Changing from a saver to an investor, a concise guide for young wealth builders

– Paul Damant, CFP (Director, Cornerstone Asset Management and Managing Director, Cornerstone Financial Services Group of Companies)

Isn’t it amazing how much a person’s life changes between the ages of 25 and 35? Sometimes it’s hard to look back and imagine yourself as a graduate who barely knew anything about anything. The world is a youth obsessed place and many people might loath the idea of turning 30, but trust those who already made the trip – your thirties are the best years of your life.

There are many reasons for this: you’re more confident, your family and career life are taking off, but the most significant benefit of your thirties is that, as a working professional for nearly a decade, your wealth is starting to develop.

For many, this will be in the form of current assets in a commercial savings account or perhaps fixed assets like property. Some may even have invested directly into unit trusts. Even though you might have been saving religiously, remember that building wealth requires more than simply saving. Now is the time to take the next step in your financial journey, to evolve from a saver into an investor.

Before you get too excited, being an investor can be a very bumpy road with many pitfalls to watch out for and it’s vital to have a qualified and experienced asset manager by your side to help you avoid the cracks in the road. Click here to contact Cornerstone Asset Management and learn how we can assist you in taking your wealth management to the next level.

Because we value our clients’ financial wellbeing above all else, we have put together a checklist of all the most important things to watch out for when you start investing your hard-earned savings:

Pay attention to the cost of your investment

It’s vital to understand the fine balance between the costs of investing and the return on investment. For example, if your administration and management fees (Effective Annual Charges – EAC) on your investment are 2,5% and your growth is 2%, you’re losing money instead of building wealth. Be wary of brokers, agents or advisors who peddle costly and traditional products with very high administration fees. Always ask to see the EAC’s. These are normally tucked safely away on page 11 of the quote. Anything over 3% p.a. in the first year…run!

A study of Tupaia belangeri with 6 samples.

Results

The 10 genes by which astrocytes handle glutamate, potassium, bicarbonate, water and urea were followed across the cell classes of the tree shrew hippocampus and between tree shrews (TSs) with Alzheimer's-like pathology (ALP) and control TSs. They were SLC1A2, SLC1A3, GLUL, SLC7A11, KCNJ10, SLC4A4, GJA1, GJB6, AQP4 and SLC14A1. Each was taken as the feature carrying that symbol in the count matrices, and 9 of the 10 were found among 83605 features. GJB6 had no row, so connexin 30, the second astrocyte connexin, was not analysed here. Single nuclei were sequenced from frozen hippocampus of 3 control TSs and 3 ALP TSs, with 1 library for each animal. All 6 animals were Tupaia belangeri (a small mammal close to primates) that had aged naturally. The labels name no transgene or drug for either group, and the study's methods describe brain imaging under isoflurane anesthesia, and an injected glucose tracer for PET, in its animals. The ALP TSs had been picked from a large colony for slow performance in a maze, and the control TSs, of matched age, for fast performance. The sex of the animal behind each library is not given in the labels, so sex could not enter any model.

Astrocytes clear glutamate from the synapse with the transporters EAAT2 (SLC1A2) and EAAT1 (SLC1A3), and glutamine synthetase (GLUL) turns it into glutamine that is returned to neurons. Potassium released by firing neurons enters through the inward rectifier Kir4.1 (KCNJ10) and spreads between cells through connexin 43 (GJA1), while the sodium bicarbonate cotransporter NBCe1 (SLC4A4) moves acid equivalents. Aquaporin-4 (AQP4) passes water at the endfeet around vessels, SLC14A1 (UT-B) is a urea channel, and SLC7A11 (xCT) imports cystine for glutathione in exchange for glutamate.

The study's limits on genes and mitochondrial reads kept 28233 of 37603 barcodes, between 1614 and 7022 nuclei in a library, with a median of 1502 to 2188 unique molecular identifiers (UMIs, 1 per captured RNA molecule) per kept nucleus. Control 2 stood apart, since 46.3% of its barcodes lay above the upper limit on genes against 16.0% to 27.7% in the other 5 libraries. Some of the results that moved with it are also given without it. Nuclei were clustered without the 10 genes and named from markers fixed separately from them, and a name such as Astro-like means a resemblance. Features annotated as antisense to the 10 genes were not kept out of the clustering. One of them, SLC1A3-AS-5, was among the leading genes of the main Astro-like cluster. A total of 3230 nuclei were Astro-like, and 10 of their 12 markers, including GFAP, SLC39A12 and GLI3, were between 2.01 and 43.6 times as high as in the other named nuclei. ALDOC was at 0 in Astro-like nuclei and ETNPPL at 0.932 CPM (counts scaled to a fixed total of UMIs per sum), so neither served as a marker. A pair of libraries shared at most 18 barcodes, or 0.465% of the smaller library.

Remember, the ultimate goal is to grow your own wealth and a good asset manager will always put your interest first, regardless of how it effects his fees.

Don’t mistake investing for gambling

Gambling is the act of chancing large amounts of money and hoping you will get a high return. There is no skill, expertise or research involved. It merely relies on chance. Lots of people tend to think that investing is something that anyone can do, and that investing is just a fancy form of gambling.

Obviously, this is not true. A qualified investment advisor relies heavily on his/her years of study, experience and knowledge. Furthermore, in addition to being registered financial services providers, all investment managers must carry special licenses to manage investments. Make sure that your asset manager is properly licensed and qualified, otherwise you might be better served taking a trip to the casino.

Develop a proper investment policy statement (IPS).

Before you start investing, ensure that your chosen investment professional assists you in developing your investment policy statement. An investment policy statement (IPS) is a document drafted between an investment advisor and an investor that outlines the general rules for the investment advisor. The IPS sets out (amongst other things) your investment goals and objectives, develops and sets your risk profile, documents your investment time horizon, tax considerations, cash flow considerations etc, and describes the strategies that the investment advisor should employ to meet these objectives.

Your stated investment time horizon plays a massive role in the way you invest. It also impacts the management of risk and asset class diversification.

Another important aspect of investing is receiving regular portfolio performance updates and having regular portfolio reviews. Regular reviews are non-negotiable as it gives you the opportunity to evaluate your investment’s performance and adapt your IPS where necessary. If you have an investment manager but have not had a review in the last few years, you should consider a change as your investment might be at risk.

Taking the leap from being a saver to an investor is an exhilarating time in your life, but as with many important and life changing events, it could go very wrong if you don’t protect yourself.

Cornerstone Asset Management has more than two decades of investment and asset management experience and has advised and consulted with investment clients through some very turbulent financial times. Make the right investor’s choice and contact us today to find out more about our bespoke wealth management services.